Orlando Lawyer Blog

Immigration Court Backlog

Since January 2016, 17 new immigration judges have been sworn in by the Executive Office for Immigration Review (EOIR), which falls under the purview of the Department of Justice (DOJ). Before the creation of the Department of Homeland Security (DHS), the Immigration and Naturalization Service (INS) fell under DOJ as well.

Beware of Notarios “Practicing Law”

In the field of Immigration Law, it is not uncommon to encounter individuals or businesses advertising as “Immigration Consultants” or “Notarios.” The danger in relying on these types of individuals or services for legal advice is inherent. These agencies are not run by or sanctioned by an attorney or licensed practitioners and often wind up hurting, rather than helping innocent victims.

President Obama’s Immigration Policies

The Immigration Reform policy put forward by President Obama in 2014, also known as DAPA – Deferred Action for Parents of Americans, has a new chance of becoming reality this year since the Supreme Court announced last week that it would be reviewing the case in the spring session.

What is a Fiancé Visa and How Does it Work?

If you become engaged to a person living outside of the United States, your fiancé can apply to obtain a temporary visa, which will allow them to enter the United Sates for 90 days. Once your fiancé has gained access into the US, they may apply for conditional permanent residency.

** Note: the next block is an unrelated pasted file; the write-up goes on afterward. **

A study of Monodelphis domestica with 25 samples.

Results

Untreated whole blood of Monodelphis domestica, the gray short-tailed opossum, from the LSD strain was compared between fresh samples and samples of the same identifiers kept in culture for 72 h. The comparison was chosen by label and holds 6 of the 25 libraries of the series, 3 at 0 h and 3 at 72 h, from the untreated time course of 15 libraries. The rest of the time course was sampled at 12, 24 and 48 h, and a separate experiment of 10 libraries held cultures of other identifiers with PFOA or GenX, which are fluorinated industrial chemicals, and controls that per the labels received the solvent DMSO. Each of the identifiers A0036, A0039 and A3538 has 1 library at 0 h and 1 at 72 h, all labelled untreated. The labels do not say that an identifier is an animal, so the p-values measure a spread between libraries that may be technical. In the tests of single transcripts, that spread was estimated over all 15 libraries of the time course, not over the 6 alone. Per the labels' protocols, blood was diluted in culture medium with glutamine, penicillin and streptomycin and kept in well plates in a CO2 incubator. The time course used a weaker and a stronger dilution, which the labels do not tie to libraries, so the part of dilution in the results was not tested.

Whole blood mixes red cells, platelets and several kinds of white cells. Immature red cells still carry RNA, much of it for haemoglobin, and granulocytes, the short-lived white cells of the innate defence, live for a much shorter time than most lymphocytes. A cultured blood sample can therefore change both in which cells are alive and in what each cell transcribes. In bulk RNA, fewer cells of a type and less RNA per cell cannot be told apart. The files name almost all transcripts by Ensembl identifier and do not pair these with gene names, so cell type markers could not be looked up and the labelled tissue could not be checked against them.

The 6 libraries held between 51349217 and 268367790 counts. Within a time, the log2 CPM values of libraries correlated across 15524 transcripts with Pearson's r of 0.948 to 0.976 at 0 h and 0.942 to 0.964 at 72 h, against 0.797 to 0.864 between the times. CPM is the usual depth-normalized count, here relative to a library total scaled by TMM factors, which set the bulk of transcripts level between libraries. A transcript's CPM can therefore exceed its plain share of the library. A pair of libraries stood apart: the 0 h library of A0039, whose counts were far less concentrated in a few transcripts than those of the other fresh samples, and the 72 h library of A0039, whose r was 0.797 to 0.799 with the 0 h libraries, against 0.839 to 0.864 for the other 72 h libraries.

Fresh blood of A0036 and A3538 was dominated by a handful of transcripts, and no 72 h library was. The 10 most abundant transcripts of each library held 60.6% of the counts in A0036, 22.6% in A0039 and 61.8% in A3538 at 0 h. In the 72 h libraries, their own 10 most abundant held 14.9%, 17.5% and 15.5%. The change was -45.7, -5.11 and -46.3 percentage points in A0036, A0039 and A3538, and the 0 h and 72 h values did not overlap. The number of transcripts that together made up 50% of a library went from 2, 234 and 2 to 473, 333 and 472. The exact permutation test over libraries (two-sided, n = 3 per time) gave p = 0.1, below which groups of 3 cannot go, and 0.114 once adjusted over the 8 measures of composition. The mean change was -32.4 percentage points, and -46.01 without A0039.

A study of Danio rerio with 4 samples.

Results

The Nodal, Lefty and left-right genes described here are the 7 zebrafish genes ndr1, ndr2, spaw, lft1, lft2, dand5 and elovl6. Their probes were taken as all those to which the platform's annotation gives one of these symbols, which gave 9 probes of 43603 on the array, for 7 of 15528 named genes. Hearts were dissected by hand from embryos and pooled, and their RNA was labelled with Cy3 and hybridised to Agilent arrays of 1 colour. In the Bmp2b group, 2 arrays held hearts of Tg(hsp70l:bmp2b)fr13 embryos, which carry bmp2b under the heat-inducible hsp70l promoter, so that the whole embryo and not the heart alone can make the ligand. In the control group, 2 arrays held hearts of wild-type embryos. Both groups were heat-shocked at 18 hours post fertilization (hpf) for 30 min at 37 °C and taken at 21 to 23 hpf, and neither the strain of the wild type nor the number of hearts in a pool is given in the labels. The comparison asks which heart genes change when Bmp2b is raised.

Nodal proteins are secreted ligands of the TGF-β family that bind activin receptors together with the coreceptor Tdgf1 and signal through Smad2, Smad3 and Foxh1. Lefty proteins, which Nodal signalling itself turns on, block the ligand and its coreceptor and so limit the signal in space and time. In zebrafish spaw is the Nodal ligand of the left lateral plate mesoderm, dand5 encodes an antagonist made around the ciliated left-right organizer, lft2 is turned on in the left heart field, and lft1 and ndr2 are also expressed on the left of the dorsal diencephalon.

GOP Clashing Over Immigration Reform

House Republicans from the Latino districts are pushing back against the Republican platform of anti-immigrant policies. Specifically, California Congressman Jeff Denham is leading an effort to make a path to legalization for the millions of undocumented immigrants in the United States.

Republican Conservative Trying to Block President’s Immigration Reform Initiative

With the rumors flying about the President taking executive action on the Immigration Reform issue in the near future, Republican conservatives are coming up with a plan to thwart his attempt to act.  This plan is based on control of governmental spending and the Republican's ability to block the president's potential laws, but refusing to pass the budgetary necessities for the law to become reality.